In the never-never land of state and national patients' rights legislation inappropriate language could come back to haunt a small city in the form of substantial lawsuits and other penalties, so you need to keep a civil bureaucratic tongue in your head. Something Sierra Madre's local government agency does excel at these days.
We'll get into this a little more later in the week. But for today I have a couple of articles to show you that describe some recent developments in Florida, a state where the fight over sober living homes has been going on for a lot longer than it has here. These could be an indication of how things might play out in California someday. Hard to say.
After all, ours is a state where the opposition to putting these things in the middle of suburban family communities like Sierra Madre is as strong as it is in Florida, but local media and law enforcement seems too polite to talk about it very much. Perhaps they fear being seen as "uncaring." Or they just aren't very concerned.
Speculation that a two-year-long investigation into corruption in the Palm Beach County’s addiction treatment industry would yield no arrests ended on Tuesday when law enforcement officials raided Whole Life Recovery, a Boynton Beach treatment center, and arrested its owner and operator. CEO James Kigar and operations consultant Christopher Hutson face patient brokering charges, a third degree felony.
They are being held at the Palm Beach County jail and will appear in front of a judge Wednesday morning.
In 2014, the FBI launched Operation Thoroughbred, a federal investigation into accusations of insurance fraud, money laundering, patient brokering and kickbacks in the county’s $1 billion industry. Agents raided two sober living and treatment businesses, Good Decisions Sober Living in West Palm Beach and Halfway There/Real Life Recovery in Delray Beach.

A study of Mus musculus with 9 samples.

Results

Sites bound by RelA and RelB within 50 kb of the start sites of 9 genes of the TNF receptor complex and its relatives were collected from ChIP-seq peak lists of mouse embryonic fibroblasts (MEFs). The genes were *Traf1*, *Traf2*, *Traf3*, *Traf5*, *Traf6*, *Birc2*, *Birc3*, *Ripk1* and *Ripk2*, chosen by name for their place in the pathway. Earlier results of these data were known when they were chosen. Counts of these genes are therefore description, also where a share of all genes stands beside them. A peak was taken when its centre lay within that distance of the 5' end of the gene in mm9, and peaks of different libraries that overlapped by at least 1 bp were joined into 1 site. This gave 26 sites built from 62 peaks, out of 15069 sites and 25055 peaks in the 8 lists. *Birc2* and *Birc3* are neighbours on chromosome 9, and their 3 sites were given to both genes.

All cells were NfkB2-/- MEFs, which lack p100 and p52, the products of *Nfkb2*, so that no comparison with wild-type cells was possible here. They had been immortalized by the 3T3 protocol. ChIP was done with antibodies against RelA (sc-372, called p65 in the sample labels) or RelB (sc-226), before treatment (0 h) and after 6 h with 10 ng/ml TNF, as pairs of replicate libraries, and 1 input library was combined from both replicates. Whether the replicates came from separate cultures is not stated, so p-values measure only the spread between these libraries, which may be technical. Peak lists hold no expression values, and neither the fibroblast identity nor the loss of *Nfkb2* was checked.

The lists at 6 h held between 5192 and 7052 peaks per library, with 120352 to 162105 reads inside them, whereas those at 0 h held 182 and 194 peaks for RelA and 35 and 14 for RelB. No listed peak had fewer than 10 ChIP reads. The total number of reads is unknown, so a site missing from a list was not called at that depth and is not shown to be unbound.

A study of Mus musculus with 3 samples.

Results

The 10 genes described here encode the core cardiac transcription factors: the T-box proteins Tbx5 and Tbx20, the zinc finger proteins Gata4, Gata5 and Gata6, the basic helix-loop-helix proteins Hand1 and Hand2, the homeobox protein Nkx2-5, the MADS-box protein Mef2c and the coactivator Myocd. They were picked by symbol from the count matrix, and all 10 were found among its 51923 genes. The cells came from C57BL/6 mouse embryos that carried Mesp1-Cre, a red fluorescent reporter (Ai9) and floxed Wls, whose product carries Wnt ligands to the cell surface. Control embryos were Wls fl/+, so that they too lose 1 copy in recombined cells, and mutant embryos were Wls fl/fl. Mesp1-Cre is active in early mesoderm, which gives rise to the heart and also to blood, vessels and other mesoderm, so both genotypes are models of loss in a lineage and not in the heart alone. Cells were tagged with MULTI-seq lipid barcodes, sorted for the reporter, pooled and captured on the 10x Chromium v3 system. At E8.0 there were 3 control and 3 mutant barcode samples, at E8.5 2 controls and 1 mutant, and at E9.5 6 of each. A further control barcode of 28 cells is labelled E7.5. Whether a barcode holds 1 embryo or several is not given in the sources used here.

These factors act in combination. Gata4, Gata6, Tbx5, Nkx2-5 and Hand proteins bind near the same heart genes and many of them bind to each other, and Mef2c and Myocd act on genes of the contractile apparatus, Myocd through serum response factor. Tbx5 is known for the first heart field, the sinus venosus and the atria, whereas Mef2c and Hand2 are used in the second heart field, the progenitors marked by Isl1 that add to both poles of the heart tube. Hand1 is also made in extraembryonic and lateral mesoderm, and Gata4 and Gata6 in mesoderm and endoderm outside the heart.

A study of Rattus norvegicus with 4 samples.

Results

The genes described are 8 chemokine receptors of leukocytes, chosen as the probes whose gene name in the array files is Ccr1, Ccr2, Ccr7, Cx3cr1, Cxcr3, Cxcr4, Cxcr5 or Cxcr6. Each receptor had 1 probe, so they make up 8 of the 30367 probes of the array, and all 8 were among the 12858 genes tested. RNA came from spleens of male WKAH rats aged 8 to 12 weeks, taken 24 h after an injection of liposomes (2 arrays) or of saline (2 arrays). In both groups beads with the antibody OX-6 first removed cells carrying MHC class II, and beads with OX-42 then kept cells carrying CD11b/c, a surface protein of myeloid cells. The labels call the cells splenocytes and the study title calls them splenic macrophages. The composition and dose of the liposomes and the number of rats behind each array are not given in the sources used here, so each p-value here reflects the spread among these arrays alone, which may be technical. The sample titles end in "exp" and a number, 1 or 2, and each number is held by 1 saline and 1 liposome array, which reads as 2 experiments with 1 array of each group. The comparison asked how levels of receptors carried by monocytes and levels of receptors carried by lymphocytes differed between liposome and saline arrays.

Corruption was so rampant that Cigna stopped selling policies on Florida’s insurance exchange.
In response, some sober homes and treatment centers closed. Others changed their business and billing practices. However, as time passed and no arrests were made, the industry rebounded.
Hutson’s criminal record includes a conviction for fraud for his role in a $40 million pill mill empire operated by Wellington brothers Christopher and Jeff George. According to court records, Hutson ran an illegal internet steroid business and sold steroids on behalf of Jeffrey George.
Hutson also posed as a patient and obtained prescriptions for oxycodone — which he sold to others. Christopher George financed an MRI facilty for Hutson, which referred patients to the pain clinic.
There is a lot more to be found at the link, which is here. Next we have this:
Two more people have been arrested in a crackdown aimed at unscrupulous operators of substance-abuse recovery facilities in Palm Beach County.
Police said Bryan Norquist and John Dudek, a pair of Delray Beach sober-home owners, referred patients from their locations to treatment centers in exchange for thousands of dollars in kickbacks.
Authorities on Thursday arrested Norquist, of The Halfway House Inc., and Dudek, of Southern Palm Oasis Inc., on charges of patient brokering, a felony offense.
Both men posted the $3,000 bail and were released early Friday morning. Norquist declined to comment on the arrest, Dudek has not returned calls for comment.
The law prohibits health care providers from offering bonuses, kickbacks or bribes in return for patient referrals.
Sober homes, also known as halfway houses, are unregulated group housing for people recovering from alcohol or drug addiction. Typically, house owners or managers refer their clients to treatment facilities based on their needs.
The latest arrests are part of an investigation by the Palm Beach County Sober Homes Task Force, which consists of prosecutors and multiple agencies.
You can read the rest of that article by clicking here.
Now I am not suggesting that anything this exciting is going to happen here anytime soon, or even needs to. Nor am I saying that Thursday evening's Planning Commission findings will be little more than an exercise in tiptoeing around sensitive language in order to avoid lawsuits or any unwanted attention from Sacramento.
But you can see where things could go with this industry if you don't keep a close eye on things.